What is an IPP?
An IPP is a registered defined benefit pension plan sponsored and funded by an employer. It is designed for the professional looking to maximize contribtuions towards their retirement.
Many business owners and executives consistently maximize their RRSP contributions. However, they may find that their personal RRSP limit will not be sufficient to fund their desired lifestyle through retirement.
How will the company benefit?
Many incorporated businesses that are looking to add a benefit for their owners and top executives may want to consider an IPP.
As the plan sponsor, the company would benefit from annual contributions, setup fees, and maintenance fees – all of which are fully tax-deductible to the corporation and non-taxable to the employee until the money is withdrawn at retirement.
This would allow the company to reduce their annual retained earnings while growing the employee’s retirement savings – at a significantly higher rate than with an RRSP.
Advantages of an IPP
Higher deductible contribution limits than RRSPs
Maximum funding available
Contribution limits increase with age
Contributions and expenses are tax-deductible to the corporation
Greater certainty over retirement income if the plan is properly funded
Optional past-service contribution
Opportunity to make lump-sum contribution at time of actual retirement or business exit
Ability to top-up plan for under-performance
Assets are creditor-protected
Disadvantages of an IPP
No access to funds while employed and a member of the plan
Plan assets must be used to provide pension, so benefits are locked in
Higher administration expenses and more legislation
Excess surplus may reduce future contributions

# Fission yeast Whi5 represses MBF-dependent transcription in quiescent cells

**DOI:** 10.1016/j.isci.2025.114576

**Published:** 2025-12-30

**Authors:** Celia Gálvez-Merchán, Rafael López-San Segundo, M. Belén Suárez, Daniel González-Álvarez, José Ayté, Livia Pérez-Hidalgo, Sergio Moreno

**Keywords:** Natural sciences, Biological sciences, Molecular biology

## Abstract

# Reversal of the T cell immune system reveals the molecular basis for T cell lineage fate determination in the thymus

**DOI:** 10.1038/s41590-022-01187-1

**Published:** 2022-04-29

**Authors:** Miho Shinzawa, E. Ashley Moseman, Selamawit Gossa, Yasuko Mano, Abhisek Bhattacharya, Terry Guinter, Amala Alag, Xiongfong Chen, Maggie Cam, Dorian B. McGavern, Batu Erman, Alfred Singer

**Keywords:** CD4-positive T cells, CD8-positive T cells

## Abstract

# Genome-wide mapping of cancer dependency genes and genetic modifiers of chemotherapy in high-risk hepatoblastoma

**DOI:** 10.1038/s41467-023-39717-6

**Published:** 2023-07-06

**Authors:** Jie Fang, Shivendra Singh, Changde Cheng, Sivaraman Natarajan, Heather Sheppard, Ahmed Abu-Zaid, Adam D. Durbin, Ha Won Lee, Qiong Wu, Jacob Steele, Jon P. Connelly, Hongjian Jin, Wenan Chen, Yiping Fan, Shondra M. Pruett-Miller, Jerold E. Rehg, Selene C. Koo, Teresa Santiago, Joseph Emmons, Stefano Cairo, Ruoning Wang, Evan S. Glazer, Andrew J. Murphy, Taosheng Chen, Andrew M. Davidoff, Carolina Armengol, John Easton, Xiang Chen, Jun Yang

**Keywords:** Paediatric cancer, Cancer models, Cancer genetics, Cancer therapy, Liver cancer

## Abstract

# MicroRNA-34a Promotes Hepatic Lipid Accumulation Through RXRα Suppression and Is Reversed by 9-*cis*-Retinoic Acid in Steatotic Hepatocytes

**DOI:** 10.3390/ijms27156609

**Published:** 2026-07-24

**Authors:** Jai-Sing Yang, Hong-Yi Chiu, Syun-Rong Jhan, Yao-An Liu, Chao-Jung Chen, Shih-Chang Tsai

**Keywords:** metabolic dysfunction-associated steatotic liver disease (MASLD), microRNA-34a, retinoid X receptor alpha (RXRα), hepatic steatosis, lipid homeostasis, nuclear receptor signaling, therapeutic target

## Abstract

Who is an ideal candidate?
Key executive of a private or public company
Professional with a professional corporation
T4 earnings greater than $120,000 annually
$100,000 or greater in RRSPs
How does an IPP work?
Contributions are made up of three components:
Qualifying Transfer from RRSP
Actuarial valuations are done on a triennial basis to calculate annual contributions going
The Value of Probate Bypass
Example: A $100,000 investment can attract over $5,000 in probate and legal fees when you die. How can you easily avoid this expense?
How is an IPP set up?
The first step in establishing an IPP is to authorize the actuaries to create the documentation for
the new plan and complete an initial valuation report.
• In order to do this, they will request copies of actual T4 tax slips, RRSP statements and your
last Notice of Assessment showing unused RRSP contribution room.
• Once the plan is registered with CRA, an investment account will be opened and the current
service and past service amounts will be deposited. The member’s RRSP will be transferred to the
new IPP account.
• Going forward, annual contributions can be made up to 120 days after your corporate year-end
Actuarial valuations are performed every three years. These valuations reveal any plan deficiency or surplus so that adjustments can be made to future corporate contributions.